Unethical marketing practices to avoid

According to the Financial Times Lexicon, ethical marketing is ‘a process through which companies generate customer interest in products/services, build strong customer interest/relationships, and create value for all stakeholders by incorporating social and environmental considerations in products and promotions.’ Fair Trade products are an easy example of ethical marketing, whereby customers are encouraged to interact with a brand as it can be seen as a way of helping contributing to society. There are many benefits to ethical marketing; 92% of millennial consumers are more likely to buy products from ethical companies, for instance.

With that in mind, you’d be surprised at how many unethical marketing practices are widely used…so these are a few to avoid!

Misleading ads

According to ASA, ads are not supposed to be misleading – but this doesn’t mean that companies don’t still use misleading ads in their marketing, and this is undeniably unethical. If you brush over the negative side of your products and overplay the positives, you are essentially deceiving people into making uninformed decisions. This is bad for the consumer, as they are buying products or services that ultimately do not satisfy their needs, but it is also bad for you, as consumers won’t come back to your company if they feel they are being tricked by  you. Beyond being unethical, misleading ads can have huge financial repercussions; in 2010 Dannonn was  sued for its claims that its Activia yogurt products were ‘clinically’ and ‘scientifically’ proven to regulate digestion and boost immune systems, ultimately having to pay consumers up to $45 million in damages.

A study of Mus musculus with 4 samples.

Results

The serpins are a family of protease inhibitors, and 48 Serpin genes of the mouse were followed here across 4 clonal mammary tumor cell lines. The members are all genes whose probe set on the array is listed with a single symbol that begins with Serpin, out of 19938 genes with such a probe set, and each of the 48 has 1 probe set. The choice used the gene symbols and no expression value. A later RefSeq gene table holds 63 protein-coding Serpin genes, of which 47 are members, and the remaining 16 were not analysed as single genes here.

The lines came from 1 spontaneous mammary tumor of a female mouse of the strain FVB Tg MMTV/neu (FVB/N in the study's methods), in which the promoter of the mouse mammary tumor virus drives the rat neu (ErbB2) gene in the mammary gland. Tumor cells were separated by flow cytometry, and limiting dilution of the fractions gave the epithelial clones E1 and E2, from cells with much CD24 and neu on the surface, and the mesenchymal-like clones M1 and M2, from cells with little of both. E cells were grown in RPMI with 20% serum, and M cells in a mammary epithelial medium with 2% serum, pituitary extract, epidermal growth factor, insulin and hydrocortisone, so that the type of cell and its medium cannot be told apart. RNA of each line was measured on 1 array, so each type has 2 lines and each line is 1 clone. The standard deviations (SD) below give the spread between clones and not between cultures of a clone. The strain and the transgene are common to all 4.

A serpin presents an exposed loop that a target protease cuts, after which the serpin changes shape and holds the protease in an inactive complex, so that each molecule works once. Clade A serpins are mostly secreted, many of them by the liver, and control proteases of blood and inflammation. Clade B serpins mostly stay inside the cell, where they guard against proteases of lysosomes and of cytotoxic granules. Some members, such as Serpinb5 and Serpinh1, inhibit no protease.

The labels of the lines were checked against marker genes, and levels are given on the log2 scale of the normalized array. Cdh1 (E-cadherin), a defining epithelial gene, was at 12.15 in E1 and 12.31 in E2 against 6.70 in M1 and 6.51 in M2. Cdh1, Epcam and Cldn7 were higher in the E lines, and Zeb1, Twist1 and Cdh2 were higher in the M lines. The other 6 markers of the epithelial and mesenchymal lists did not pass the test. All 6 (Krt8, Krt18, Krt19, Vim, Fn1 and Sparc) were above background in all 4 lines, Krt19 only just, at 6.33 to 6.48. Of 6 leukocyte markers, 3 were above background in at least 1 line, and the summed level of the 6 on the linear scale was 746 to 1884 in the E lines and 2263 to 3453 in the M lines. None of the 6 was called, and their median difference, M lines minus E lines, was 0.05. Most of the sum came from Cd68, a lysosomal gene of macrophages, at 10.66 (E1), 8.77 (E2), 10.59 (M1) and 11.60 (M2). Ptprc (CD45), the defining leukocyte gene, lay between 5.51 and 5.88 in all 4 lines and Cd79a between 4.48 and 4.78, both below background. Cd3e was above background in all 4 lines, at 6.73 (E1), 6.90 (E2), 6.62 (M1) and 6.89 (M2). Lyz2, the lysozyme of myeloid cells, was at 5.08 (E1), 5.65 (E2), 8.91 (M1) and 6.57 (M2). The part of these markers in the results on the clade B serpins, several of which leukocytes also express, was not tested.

Objectifying women

The objectification of women in marketing is about as old as marketing itself, with many companies using sexist tropes to market themselves. Using stereotypical images of women perpetuates outdated views of women, while sexualising them can have harmful effects by normalising sexism. Yet many companies persist in objectifying women to sell their products or services, thus using women as a tool for financial gain – something we should, by now, surely have left behind! An example of the objectification of women in ads can be seen in this American Apparel ad showing a unisex shirt; you only have to see it to know that there is a clear difference in the way women and men are portrayed in ads.

Contacting people without consent

Contacting people without their consent is a definitive invasion of privacy, and should be avoided at all costs. If you do not have someone’s permission to put them on your mailing list, don’t do it! It will only put off potential consumers, and there are other, more effective ways to generate their interest in your brand!

Aiming ads at children

With a growing number of children using the Internet on a regular basis, there is a corresponding growth in the number of ads that target children. But is this ethical? Many would argue that it isn’t, as children are not mature enough to analyse the pros and cons of products or services for themselves, and are therefore more susceptible to ads’ influence than adults are.

So, these are a few practices you would be better off avoiding – and as a result you will be able to both see a financial gain and sleep at night!